My four-year-old daughter likes to play video games with me. Well…mostly she just watches, but occasionally I let her run around in circles for a while. She watched nervously as I maneuvered dark corridors in Dead Space, yelled directions at me when I couldn't figure out what to do in Limbo and The Secret of Monkey Island: Special Edition, and assured me she wouldn't say any of the naughty words that came out of Nathan Drake's mouth in Uncharted.
Most of our play sessions are peppered with a line of questioning that I need to constantly field…
"Why's that guy crying?"
"His friend was kidnapped by the bad pirate."
"Why are those guys shooting at you?"
"Uh, they're just bad guys."
…and so on. But as we played Journey, thatgamecompany's (flOw, Flower) newest release, the questioning slowly died. For awhile she asked them, but I honestly had no information for her. We were on the same page for once, and when she realized that I knew just as little as she did, she stopped asking.
Inquiries about who I was and where I was going slowly tapered off into simultaneous discovery and wonderment. The girl who never stopped turning to me for answers, just took to announcing what we were both thinking instead.
"More ribbon guys!"
"Where'd your friend go? I hope he's OK."
"Those ribbon guys are helping you fly way up high!"
"Oh no! Quick! Hide from the dragon!"
And quite frequently a very simple but descriptive, "Woooooooooooooooooooow."
For the first time ever I wasn't playing the role of teacher during our gaming session. We were both experiencing it together and having conversations about it as we went. She decided that even though we needed to hide from the dragons, she hoped that they were alright once we made it past because their other dragon friends might want to see them. The concept that my fellow journeying companions weren't necessarily my friends, but just passing strangers that helped me along the way was also discussed in quite a bit of detail.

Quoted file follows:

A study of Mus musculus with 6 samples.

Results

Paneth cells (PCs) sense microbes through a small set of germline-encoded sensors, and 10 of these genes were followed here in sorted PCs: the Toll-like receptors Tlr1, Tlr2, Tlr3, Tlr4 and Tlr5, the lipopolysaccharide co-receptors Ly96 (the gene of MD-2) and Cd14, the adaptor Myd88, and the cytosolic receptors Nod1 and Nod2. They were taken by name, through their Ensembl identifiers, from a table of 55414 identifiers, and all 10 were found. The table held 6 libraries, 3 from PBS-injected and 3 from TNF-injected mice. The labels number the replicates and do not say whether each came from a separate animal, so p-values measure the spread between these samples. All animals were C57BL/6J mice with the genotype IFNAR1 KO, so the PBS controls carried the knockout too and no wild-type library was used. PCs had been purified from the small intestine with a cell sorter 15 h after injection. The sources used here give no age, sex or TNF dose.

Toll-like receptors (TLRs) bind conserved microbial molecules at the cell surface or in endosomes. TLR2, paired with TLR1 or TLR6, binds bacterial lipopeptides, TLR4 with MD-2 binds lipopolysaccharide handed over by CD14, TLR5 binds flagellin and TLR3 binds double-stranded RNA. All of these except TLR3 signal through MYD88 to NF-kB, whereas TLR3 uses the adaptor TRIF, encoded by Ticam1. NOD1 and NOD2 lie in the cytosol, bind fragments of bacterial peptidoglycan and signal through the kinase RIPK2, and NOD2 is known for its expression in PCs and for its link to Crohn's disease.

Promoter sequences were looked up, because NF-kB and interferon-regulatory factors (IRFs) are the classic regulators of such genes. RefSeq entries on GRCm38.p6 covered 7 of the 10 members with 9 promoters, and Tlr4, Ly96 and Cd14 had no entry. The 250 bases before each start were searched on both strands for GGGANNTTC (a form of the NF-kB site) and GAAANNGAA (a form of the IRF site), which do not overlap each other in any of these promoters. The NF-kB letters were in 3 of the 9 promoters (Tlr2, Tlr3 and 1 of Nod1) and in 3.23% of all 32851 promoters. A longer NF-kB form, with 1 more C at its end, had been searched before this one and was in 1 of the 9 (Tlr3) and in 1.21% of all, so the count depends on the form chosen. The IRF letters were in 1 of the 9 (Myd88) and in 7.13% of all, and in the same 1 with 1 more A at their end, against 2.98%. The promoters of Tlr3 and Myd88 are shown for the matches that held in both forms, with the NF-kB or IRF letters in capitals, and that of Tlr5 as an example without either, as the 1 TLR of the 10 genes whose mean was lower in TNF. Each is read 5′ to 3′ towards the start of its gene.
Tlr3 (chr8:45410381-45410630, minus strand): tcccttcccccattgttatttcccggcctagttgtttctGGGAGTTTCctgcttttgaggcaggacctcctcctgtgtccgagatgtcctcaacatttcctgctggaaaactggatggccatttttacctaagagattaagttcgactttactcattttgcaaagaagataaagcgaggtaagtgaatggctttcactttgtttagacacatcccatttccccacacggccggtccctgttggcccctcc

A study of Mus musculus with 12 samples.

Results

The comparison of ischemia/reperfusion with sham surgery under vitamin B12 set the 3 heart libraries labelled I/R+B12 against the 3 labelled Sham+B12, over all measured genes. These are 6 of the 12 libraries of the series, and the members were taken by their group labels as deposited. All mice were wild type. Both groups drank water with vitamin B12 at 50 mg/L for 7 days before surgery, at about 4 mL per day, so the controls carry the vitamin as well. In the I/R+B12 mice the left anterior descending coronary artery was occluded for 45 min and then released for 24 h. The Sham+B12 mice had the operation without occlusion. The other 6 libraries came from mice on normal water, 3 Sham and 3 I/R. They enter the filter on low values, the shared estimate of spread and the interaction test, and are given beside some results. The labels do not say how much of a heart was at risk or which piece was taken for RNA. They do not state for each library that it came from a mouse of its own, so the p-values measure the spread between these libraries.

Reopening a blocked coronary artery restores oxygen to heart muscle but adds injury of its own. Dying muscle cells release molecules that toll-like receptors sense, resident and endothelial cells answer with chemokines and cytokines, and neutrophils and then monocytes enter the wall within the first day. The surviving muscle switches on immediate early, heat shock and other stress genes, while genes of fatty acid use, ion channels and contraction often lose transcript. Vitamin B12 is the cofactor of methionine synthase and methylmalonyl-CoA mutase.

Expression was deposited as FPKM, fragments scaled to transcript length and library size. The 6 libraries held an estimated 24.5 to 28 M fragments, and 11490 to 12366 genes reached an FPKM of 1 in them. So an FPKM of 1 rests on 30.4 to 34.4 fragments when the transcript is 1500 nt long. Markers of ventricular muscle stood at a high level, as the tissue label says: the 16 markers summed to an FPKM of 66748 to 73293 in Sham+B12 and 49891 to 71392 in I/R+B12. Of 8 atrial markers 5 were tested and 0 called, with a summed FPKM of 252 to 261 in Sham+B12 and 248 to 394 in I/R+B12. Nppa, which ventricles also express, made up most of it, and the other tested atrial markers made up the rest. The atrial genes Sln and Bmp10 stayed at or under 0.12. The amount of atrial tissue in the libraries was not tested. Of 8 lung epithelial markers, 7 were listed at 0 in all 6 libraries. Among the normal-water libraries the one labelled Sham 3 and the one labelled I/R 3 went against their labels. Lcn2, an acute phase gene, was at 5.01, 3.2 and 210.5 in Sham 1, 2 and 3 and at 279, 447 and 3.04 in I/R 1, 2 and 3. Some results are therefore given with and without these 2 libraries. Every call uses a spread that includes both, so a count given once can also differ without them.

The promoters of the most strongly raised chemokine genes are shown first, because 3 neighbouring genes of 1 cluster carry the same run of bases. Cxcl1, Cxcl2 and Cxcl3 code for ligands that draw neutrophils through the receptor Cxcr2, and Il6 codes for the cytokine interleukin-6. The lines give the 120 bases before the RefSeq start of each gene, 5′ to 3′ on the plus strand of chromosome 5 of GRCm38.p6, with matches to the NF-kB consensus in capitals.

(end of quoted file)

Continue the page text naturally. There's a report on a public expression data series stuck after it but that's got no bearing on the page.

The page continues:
Granted, any deeper analysis of the game that is currently floating around in my head upon completion likely isn't doing the same in hers — and I still fail to see how the glowing white guides throughout my adventure resembled penguins — but for about 90 minutes, my daughter and I connected with video games in a brand new way. One that I thought wouldn't occur until she was significantly older.
The power to transcend age groups and mean something to both a child and someone over two decades their elder is something very few games can claim to have done. Actually, it's probably something very few games even strive for. I couldn't even say for sure if thatgamecompany set out with that goal, but their visual storytelling that only demands of the player what they are willing to put into it also happened to be the key to creating a great memory for a father and his daughter. For me that's 15 dollars well spent.